Should Teachers Shoot at Bankers? An Unbiased Analysis.
This week, a friend of mine from grad school begins student teaching. He’s teaching, for free, in a neighborhood where, as another student warns us, his friend was shot last month.
Much talk about “deficit spending” focuses on the issue of “teacher pay”, especially in a dairy-related state a little north of my home. The argument states that paying teachers upwards of 50K a year is destroying America. We need an alternative solution that solves the budget problems while preventing teacher morale from descending to new, painful lows.
My suggestion? Since teachers get paid 50K a year to work where ballistic violence is possible, we should let teachers bring a little equality to the private sector. We should export the ballistic violence from our schools and send it to the private sector. Since high teacher morale has a direct correlation to student achievement, allowing teachers to shoot bankers benefits everyone.
Too keep things fair, teachers needn’t shoot with deadly accuracy. I suggest shooting in the general direction of bankers. To properly simulate what many teachers have to deal with the ballistic violence should occur in and around their places of work.
The violence should be scaled according to income disparity. A banker making 100k a year would receive approximately twice as much ballistic violence in his vicinity as a banker making 40-60k a year, who would see violence comparable to what the teachers face. If the standard pay of teachers is lowered to, say, 30k a year we would implement a proportional raise in violence.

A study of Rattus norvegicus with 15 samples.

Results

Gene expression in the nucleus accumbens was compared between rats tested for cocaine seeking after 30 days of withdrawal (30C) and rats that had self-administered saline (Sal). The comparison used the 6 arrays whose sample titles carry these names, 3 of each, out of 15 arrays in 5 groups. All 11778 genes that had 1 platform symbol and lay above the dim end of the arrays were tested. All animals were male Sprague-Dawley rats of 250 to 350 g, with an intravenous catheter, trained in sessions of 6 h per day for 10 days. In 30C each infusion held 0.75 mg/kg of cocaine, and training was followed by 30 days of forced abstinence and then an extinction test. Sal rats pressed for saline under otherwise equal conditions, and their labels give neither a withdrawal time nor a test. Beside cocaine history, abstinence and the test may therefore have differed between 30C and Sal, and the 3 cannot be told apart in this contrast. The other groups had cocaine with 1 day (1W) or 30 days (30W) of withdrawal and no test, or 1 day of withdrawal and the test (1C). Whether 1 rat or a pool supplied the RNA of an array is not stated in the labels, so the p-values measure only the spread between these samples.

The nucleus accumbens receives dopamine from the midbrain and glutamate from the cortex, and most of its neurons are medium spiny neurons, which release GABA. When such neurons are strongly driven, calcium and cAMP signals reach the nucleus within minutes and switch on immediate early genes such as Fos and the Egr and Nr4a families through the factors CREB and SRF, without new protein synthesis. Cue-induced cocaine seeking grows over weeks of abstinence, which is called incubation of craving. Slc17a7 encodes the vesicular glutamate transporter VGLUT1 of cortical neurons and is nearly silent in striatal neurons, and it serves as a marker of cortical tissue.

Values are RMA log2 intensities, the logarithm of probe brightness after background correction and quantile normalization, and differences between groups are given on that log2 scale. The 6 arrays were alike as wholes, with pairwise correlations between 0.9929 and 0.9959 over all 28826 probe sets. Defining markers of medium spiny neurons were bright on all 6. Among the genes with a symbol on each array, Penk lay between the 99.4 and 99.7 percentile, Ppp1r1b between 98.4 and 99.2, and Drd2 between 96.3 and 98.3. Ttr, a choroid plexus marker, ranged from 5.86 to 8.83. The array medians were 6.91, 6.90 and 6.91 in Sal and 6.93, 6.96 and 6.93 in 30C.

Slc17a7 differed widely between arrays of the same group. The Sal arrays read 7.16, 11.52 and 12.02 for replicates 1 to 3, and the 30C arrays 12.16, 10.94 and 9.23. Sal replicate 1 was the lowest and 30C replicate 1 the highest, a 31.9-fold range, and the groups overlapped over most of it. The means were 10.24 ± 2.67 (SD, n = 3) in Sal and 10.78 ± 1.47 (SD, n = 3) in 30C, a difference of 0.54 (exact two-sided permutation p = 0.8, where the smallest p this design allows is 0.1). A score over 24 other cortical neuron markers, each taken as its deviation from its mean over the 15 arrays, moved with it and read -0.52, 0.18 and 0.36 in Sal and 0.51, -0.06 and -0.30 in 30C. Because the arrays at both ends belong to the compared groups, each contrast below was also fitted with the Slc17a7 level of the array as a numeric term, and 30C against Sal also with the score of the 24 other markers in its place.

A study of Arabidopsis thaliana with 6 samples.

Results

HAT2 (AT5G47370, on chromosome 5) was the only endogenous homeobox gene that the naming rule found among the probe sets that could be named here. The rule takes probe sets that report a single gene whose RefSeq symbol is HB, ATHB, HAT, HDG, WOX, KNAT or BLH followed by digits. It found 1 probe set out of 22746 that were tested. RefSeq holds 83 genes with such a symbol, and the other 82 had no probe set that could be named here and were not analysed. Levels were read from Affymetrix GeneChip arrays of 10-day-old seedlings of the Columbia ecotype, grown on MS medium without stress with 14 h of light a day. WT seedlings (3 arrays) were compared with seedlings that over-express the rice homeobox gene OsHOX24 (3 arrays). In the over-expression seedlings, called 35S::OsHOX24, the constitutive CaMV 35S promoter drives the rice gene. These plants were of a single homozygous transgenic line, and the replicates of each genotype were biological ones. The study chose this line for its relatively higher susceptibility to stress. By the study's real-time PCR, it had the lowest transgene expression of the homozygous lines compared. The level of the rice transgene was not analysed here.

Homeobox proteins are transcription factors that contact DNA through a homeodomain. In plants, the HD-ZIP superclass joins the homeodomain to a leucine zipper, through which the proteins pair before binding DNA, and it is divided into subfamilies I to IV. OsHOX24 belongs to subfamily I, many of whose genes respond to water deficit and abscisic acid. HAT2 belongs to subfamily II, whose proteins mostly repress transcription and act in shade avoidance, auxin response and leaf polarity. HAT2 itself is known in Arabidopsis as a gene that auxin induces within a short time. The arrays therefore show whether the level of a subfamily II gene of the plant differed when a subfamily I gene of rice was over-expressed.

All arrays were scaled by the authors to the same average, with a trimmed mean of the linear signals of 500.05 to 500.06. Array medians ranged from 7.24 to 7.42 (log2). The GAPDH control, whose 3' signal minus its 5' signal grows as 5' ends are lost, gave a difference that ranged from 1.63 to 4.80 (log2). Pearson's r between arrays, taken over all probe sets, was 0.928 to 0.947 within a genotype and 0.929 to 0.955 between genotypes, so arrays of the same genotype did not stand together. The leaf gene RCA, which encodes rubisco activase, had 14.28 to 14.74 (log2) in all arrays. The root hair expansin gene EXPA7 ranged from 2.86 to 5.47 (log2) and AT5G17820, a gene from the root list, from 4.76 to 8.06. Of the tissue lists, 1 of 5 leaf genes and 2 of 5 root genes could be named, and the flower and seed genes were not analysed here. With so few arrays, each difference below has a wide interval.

Bankers feel this way now. Teachers have been feeling it for too long to describe.
While I use bankers as an illustration, this moral strategy could be implemented for any number of private sector jobs. Lawyers, for example, or Doctors usually make several times more in their annual salary and receive a disproportionately low amount of ballistic violence.
Not only would this go a great distance to create equality among the professions, but would also greatly bolster morale among teachers so that they can continue to battle the symptoms of poverty that the private sector is far to busy to ever pay attention to. Media slander and unfortunately low pay takes its toll on our ability to “win the future” with a generation of well-educated students.
Jonathan Swift never had to put up with this shit. Do you have any other suggestions for dealing with terminally low teacher morale?